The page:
What’s the deal folks?! Back with another salute to an album turning twenty this year. These aren’t just regular albums that come and go with the wind. These albums that I’ve been saluting have had some sort of significance impact within Hip Hop in some sort of positive fashion. In ’96, there was a tonnage of classics and unbelievable albums that we still talk about to this day. This is another heavyweight album. The debut album from this gentleman in ’94 was among the most heralded albums of that entire era of Hip Hop. His sophomore album attempted to recreate that same feat of strength. Did it ultimately happen?
It was in ’92 that we first heard Kendrick Davis on Gangstarr’s crazy Daily Operation album. It was his verse on “I’m The Man” that heads were speculating upon when the debut from this protege of Gangstarr would drop. We got that answer in the form of “Come Clean”, which to this day is seen as Premo’s most original and most clever production piece within his nearly thirty-year career. We had no idea one could over Chinese water torture and a rugged drum pattern, but Jeru The Damaja pulled it off quite nicely. When he finally dropped The Sun Rises In The East, the album was in the most elite of east coast albums during that time period, along with Enta Da Stage, Enter The Wu-Tang (36 Chambers), Illmatic, and Midnight Marauders. The question was, “Could he do it again with album number two?”
During the time of ’96, we were seeing materialism reach a disturbing high within Hip Hop and was starting to replace knowledge, education, and gritty raps for more brand names like Versace, Gucci, Moet, and Cristal, that had been oversaturated by the likes of Puffy (Diddy), Jay-Z, Lil’ Kim, Foxy Brown, and Biggie. Deeply bothered by this, Jeru had every intention to make an album that would bring it back to the essence in a very KRS-One type of style. The first bomb we heard was the venomous “One Day, which blatantly called out Puffy, Foxy, and Bad Boy over eerie Premo production, who just like The Sun Rises In The East, produces the entire album.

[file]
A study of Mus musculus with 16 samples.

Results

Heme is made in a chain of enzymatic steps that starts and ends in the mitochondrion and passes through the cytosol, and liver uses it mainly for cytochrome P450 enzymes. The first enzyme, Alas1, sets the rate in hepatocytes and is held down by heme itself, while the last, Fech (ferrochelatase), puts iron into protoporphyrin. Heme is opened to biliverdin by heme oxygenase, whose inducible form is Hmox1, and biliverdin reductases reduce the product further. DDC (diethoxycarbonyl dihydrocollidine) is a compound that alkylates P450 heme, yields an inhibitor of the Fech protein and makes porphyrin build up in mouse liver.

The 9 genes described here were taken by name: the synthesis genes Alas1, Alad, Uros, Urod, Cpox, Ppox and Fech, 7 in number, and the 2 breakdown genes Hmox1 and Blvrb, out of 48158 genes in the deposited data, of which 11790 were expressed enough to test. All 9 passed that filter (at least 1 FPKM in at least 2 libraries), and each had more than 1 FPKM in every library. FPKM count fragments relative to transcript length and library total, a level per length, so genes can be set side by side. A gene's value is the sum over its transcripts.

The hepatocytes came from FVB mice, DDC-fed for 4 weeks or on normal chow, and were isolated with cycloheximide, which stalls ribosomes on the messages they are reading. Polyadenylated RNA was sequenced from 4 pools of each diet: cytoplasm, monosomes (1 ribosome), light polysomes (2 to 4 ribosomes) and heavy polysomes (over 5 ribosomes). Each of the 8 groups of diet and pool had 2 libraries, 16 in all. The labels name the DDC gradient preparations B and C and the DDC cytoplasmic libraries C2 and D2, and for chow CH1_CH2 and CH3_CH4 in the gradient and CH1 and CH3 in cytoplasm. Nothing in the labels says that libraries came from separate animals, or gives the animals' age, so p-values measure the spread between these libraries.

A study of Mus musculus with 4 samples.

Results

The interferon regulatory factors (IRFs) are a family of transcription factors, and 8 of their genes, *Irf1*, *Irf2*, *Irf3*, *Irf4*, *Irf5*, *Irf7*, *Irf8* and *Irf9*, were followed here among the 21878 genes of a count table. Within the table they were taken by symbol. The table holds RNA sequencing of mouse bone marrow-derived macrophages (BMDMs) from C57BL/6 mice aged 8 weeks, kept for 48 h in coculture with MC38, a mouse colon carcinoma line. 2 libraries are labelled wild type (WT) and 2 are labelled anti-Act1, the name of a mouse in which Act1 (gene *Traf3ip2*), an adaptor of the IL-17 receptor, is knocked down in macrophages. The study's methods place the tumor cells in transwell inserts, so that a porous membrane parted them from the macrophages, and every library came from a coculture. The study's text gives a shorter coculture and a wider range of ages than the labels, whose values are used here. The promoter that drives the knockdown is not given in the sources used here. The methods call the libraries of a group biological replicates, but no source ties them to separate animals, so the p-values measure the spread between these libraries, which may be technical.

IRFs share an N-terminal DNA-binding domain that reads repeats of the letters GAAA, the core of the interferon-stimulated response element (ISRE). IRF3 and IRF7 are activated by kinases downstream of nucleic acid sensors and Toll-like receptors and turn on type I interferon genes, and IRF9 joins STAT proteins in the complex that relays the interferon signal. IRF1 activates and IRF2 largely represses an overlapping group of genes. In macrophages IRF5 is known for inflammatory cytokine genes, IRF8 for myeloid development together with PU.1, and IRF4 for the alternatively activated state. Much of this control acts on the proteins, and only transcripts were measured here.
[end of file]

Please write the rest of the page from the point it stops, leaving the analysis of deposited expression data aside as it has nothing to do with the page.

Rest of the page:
Before long, his sophomore album, Wrath Of The Math, was released, and it was clear he had more of a chip on his shoulder. While his debut was about establishing his position and taking his place in the progression of east coast Hip Hop, this one was more angry. Commercial Hip Hop got his gun clap in various tracks on the album such as “Scientifically Madness”, the Fugees-dis “Black Cowboys”, and “Whatever”.
This was a rasta cat that was utterly frustrated, as evidenced in “The Frustrated Nigga” in the direction Hip Hop was going in. Perhaps he had a right to be. He came up in a time when it was less about gimmicks and materialism and more about hunger and raw talent. During this age, while there was a lot of that still there, materialism was rising and people were getting sucked into it.
The main reason this album isn’t as noteworthy quite like his debut is because of how times changed rapidly during this occasion due to companies like Bad Boy and Deathrow. Conscious rap still had a place, it was just getting dominated by commercial Hip Hop, and that particular brand of the genre was selling millions and establishing stars. His topics were close to being dated and were starting to get seen as bitterness instead of constructive criticism.
Production-wise, this still stands as some of Premo’s best work. It’s a shame Jeru and Premo fell out because what us older heads wouldn’t do for a Jeru/Primo collar in today’s age. As it is, Wrath Of The Math was an album that was strictly for anti-commercialism, anti-formulaic Hip Hop and leave it The Damaja to let us all know what time it was. Now seen as an elder statesman, Jeru remains as one of Hip Hop’s true back to basics teachers.